How should the world outside America view Ben Bernanke’s legacy? Should it lambast the U.S. Federal Reserve chairman, who retires later this week after an eight-year stint, for failing to predict the financial crisis and being slow to react when it hit? Or should it laud him for pulling out the stops to save the financial system and pep up the U.S. economy after Lehman Brothers went bust in 2008? Or should non-Americans be worried that the process of unwinding Bernanke’s unprecedented money-printing policy will deliver a bad case of whiplash?
The answers to the last three questions are “yes, yes and yes.”
Bernanke’s culpability for the global financial crisis is not nearly as great as that of his predecessor, Alan Greenspan. It was, after all, Greenspan who ignored the dangers of financial deregulation, while being ever-too-ready to respond to any sign of market trouble by dropping interest rates – a policy that encouraged banks and investors to run up excessive risks with borrowed money.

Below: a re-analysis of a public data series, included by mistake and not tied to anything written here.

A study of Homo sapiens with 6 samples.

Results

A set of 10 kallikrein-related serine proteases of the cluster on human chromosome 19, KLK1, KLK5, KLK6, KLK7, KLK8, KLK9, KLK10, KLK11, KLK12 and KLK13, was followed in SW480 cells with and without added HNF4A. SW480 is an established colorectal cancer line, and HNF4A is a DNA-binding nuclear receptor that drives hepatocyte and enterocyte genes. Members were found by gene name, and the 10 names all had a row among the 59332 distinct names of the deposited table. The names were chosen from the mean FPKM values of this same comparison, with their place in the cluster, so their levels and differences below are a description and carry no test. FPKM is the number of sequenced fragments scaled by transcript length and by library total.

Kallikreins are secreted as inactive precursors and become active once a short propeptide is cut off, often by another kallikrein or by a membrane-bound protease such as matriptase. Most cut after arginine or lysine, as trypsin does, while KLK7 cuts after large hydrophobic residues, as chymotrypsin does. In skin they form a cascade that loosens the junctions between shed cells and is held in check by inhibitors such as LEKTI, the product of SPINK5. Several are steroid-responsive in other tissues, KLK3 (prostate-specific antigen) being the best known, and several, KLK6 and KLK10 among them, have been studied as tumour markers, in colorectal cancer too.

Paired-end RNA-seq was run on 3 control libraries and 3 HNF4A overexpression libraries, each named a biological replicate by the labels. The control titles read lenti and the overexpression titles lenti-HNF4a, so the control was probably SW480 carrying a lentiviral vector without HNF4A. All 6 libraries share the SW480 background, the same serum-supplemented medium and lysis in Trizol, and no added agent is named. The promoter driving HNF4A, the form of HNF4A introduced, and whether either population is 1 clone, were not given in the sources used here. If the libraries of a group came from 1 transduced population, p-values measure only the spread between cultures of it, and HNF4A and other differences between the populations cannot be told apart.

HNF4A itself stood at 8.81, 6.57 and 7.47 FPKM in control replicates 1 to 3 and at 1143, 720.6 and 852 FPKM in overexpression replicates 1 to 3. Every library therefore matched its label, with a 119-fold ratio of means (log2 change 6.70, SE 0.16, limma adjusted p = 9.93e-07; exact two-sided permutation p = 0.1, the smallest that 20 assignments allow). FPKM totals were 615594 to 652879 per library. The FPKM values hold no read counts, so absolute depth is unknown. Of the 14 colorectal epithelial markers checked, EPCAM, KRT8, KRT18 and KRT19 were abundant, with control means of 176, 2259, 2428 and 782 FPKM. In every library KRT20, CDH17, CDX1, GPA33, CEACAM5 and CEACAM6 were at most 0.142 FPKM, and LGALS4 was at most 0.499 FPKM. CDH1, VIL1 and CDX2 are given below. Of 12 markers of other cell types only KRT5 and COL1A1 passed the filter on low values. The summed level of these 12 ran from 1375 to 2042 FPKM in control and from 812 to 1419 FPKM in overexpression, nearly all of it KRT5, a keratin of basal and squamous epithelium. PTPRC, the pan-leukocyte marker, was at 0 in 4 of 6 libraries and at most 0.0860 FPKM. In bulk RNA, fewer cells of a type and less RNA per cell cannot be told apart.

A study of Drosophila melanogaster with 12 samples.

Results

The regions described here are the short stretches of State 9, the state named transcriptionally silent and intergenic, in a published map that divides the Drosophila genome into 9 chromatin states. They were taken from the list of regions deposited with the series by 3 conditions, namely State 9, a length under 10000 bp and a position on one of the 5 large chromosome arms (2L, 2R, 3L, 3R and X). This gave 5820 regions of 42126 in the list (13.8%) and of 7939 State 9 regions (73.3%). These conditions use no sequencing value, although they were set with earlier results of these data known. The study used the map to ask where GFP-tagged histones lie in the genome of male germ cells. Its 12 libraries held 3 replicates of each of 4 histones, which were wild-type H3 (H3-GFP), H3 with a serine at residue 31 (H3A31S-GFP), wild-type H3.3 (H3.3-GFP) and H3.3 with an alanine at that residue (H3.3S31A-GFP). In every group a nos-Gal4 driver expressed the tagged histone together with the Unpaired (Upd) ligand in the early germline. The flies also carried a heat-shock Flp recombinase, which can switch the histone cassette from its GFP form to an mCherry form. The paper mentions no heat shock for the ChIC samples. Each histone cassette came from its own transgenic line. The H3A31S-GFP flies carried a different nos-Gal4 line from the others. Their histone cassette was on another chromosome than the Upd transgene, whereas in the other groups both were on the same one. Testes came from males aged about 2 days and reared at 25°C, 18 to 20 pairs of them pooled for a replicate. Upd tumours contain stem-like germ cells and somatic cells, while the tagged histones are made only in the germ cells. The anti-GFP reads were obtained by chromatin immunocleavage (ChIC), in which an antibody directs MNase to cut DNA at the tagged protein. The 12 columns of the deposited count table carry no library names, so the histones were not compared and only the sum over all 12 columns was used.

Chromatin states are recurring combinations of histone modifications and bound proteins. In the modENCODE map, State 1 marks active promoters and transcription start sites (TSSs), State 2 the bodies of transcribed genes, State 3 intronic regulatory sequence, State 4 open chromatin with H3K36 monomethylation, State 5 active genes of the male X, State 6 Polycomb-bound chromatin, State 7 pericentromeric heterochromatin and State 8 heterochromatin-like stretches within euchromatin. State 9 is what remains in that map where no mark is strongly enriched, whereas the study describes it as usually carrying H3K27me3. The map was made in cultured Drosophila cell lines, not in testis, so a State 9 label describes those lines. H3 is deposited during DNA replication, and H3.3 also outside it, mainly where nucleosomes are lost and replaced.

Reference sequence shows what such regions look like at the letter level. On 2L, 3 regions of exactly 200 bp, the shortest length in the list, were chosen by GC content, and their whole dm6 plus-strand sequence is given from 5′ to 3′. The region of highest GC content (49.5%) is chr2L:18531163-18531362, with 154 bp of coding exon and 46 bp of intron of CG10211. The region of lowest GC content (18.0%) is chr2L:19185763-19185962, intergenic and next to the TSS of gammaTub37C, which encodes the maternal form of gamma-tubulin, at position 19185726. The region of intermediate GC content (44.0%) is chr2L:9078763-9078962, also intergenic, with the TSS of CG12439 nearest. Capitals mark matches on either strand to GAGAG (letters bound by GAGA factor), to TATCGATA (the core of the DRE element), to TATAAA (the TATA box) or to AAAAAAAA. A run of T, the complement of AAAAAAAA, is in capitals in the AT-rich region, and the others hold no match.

By the time Bernanke took over in February 2006, the global credit bubble – and, in particular, the U.S. subprime housing bubble – was already well inflated. There was no way of avoiding trouble. However, the new Fed chairman could have mitigated the damage if he had had more foresight – say, by pushing for tighter regulation of the financial system.
The bigger criticism, though, is that once the subprime bubble burst in mid-2007, Bernanke was slow to appreciate the severity of the situation. True, he did cut interest rates. But he didn’t realise how losses were going to cascade through the global financial system, nor did he push hard enough for financial institutions to increase their capital and liquidity buffers.
What’s more, Bernanke’s Fed did little contingency planning to prepare for a big U.S. financial institution failing. As a result, when Lehman went bust, threatening to drag much of the global financial system down the plughole with it, there was no plan B.